WOMEN campaigning for the pro-choice movement in Ireland are “breaking new boundaries” on abortion.
The younger generation refuse to entertain the “silence and stigma” around the topic, according to Alys Harte, the Irish journalist who documented both sides of the controversial debate for BBC Three.
“Speaking from my experience with the people we met with for this documentary, the fact that they did speak to us about their experiences of abortion and that we travelled with a young woman as she went to London for an abortion showed them to be pushing the boundary in a way that I hadn’t seen before,” Harte told The Irish Post this week.
“I do think there is a new bravery among the pro-choice movement,” she added, “one that is not without its risks for them personally and in connection with the law.”
The Donegal native spent a summer in pro-life and pro-choice camps across Ireland to document the debate around the issue of abortion, which remains an illegal act and contentious issue across the island.
Her work led her to a woman named Tara, who allowed the BBC Three film crew to accompany her to a London abortion clinic, offering a unique insight to British television viewers into Ireland’s divisive laws around terminating a pregnancy.
“On day one on this project we sat down and said wouldn’t it be amazing to speak to a young woman who was travelling, because more than 4,000 Irish women travel for an abortion every year but they so rarely speak because of all the stigma attached,” Harte explained.
“So we put it at the top of our wish list, as it has not really been done before, and that’s the most important outcome of the programme for me — the fact that this young woman Tara came forward to do something which in my mind has not been done before and she did it with extraordinary bravery and honesty in the face of what is not always a friendly environment.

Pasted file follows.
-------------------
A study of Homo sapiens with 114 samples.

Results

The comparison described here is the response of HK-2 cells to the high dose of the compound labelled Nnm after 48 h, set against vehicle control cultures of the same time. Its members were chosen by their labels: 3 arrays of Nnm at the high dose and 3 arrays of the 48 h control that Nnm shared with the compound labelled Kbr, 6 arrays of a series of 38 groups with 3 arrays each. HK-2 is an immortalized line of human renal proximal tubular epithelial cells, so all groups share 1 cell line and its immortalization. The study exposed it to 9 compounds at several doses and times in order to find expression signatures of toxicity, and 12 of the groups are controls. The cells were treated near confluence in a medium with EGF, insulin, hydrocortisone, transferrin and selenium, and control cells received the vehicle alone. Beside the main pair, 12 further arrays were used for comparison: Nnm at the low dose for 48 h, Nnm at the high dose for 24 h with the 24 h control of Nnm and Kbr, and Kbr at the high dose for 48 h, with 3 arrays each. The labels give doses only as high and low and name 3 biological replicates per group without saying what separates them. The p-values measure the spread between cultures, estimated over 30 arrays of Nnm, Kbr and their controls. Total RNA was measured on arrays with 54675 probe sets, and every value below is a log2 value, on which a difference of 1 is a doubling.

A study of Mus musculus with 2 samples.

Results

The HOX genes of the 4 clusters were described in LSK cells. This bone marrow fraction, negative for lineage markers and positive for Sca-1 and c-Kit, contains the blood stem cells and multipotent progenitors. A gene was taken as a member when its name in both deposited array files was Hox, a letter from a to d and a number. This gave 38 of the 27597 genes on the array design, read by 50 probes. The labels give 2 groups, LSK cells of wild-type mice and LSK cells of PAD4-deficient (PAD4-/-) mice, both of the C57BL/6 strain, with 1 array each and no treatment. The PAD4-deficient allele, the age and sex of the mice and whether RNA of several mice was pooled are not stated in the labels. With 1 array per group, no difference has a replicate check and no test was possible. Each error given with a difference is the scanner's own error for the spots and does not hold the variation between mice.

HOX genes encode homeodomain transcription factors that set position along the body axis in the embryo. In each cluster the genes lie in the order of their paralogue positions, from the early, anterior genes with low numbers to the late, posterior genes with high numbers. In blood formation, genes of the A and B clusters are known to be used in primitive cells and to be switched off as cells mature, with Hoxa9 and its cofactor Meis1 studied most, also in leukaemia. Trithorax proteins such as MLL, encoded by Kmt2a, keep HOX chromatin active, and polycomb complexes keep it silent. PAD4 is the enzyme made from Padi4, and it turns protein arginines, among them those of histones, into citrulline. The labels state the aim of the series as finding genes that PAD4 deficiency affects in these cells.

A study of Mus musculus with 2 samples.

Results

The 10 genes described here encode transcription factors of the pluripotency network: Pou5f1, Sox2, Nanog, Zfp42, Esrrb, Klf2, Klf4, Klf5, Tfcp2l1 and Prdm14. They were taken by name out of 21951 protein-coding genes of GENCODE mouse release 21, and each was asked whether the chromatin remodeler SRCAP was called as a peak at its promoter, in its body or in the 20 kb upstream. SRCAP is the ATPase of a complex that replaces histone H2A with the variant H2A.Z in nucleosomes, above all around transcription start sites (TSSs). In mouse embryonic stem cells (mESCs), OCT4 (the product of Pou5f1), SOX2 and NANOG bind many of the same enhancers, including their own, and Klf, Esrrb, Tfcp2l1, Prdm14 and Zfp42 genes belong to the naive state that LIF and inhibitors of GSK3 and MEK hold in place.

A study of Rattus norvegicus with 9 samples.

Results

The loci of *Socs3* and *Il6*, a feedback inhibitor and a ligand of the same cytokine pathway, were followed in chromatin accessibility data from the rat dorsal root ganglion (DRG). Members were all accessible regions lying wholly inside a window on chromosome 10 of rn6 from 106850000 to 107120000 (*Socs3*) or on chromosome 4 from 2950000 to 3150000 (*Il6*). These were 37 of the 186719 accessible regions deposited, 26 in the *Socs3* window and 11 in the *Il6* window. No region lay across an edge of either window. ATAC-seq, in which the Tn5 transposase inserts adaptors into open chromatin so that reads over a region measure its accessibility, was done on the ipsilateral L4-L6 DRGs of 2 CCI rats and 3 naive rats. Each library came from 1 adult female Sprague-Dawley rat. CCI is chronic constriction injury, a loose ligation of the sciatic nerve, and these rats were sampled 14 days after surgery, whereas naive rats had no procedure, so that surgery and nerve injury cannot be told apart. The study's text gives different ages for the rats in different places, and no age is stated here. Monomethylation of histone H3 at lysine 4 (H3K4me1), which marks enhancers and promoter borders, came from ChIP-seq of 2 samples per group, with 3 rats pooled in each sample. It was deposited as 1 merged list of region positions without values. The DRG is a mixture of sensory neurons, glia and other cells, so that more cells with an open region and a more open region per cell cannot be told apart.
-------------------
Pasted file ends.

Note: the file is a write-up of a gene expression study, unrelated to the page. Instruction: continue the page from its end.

“People don’t always react well to stuff like that in Ireland so it was an incredibly brave thing for her to do.”
Many more Irish women were willing to talk to Harte about their experience of abortion for the ground-breaking documentary, some who are even willing to break the law in order to force change in Ireland.
“Tara was very impressive, she is a really capable woman,” Harte told us. “But lots of women spoke to us and I kind of think that in the last few years the issue around abortion in Ireland is changing.
“It used to be uncomfortable. It used to be a wall of silence, but events have taken over and some really tragic, unthinkably sad and difficult cases have brought it to public attention in the last couple of years.
“For Tara’s generation, and the younger generation, they are moving away from that silence and stigma. She was very determined that that silence would be broken because she knows that she is one of thousands of women in her situation in Ireland and that someone should speak out.”
Abortion: Ireland’s Guilty Secret is available to view on BBC iPlayer.